Tim Fernholz is a former staff writer for the Prospect. His work has been published by Newsweek, The New Republic, The Nation, The Guardian, and The Daily Beast. He is also a Research Fellow at the New America Foundation.
During the most awkwardly conceived exercise of Washington Postself-promotion in recent memory, ace national security reporter Dana Priest responded to a question on Iraq's importance in the 2008 elections:
A really excellent reported piece in the Times today taps into a broad swathe of Iraqi public opinion on withdrawal. Most seem to support it with some reservations about the timing and a few worry that the Iraqi Army will be unable to provide security without the backing of American troops. But presumably the first troop withdrawals won't begin for another six months -- a Friedman unit! -- giving the Iraqi troops more time to solidify their training and clear areas of insurgents.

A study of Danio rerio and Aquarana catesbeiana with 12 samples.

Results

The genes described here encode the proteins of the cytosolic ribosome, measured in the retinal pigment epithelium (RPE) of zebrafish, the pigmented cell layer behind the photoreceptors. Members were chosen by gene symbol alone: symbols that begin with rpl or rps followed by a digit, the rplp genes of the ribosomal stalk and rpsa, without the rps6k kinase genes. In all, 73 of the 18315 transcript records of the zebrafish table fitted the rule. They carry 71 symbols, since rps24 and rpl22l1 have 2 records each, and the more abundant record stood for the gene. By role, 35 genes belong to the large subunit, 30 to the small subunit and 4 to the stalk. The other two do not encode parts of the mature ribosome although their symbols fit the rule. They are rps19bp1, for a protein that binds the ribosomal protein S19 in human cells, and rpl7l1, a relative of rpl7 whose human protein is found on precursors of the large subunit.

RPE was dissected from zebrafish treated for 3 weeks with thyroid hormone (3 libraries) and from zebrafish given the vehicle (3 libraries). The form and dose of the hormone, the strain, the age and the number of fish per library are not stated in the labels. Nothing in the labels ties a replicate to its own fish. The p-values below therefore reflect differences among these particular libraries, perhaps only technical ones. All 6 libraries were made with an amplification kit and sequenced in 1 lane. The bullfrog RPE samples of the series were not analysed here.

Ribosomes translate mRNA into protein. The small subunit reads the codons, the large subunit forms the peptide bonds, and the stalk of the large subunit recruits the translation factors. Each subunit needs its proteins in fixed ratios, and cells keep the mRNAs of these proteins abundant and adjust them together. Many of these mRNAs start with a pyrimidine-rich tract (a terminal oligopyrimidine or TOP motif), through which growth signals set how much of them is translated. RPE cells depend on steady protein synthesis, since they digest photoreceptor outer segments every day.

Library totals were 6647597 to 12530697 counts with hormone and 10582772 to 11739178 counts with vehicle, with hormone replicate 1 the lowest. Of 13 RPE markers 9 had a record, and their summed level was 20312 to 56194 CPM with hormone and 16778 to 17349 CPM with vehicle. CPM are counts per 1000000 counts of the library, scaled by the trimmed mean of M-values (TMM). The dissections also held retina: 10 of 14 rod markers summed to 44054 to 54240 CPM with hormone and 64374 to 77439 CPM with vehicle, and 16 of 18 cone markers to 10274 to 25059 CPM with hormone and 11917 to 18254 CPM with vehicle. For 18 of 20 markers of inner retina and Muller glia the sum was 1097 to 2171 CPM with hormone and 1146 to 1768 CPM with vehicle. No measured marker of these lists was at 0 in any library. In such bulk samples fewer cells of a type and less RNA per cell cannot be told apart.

Obama’s nearly-record-breaking June fundraising haul -- $52 million! -- ought to change the medianarrative for the next few days. The campaign claims an average donation of $68. Assuming those numbers hold up when we get the full FEC reports, they support Obama's justification of his decision to back out of public financing -- that he won’t be beholden to wealthy interests if most of his money is coming in small chunks from regular folks.
Yet another puzzling factor in the Iraq debate are the conservative types and media figures (see the third graf) who think it is so crazy for Obama to talk about Iraq policy before he visits the country. Is his arrival in Baghdad going to lead to some great epiphany?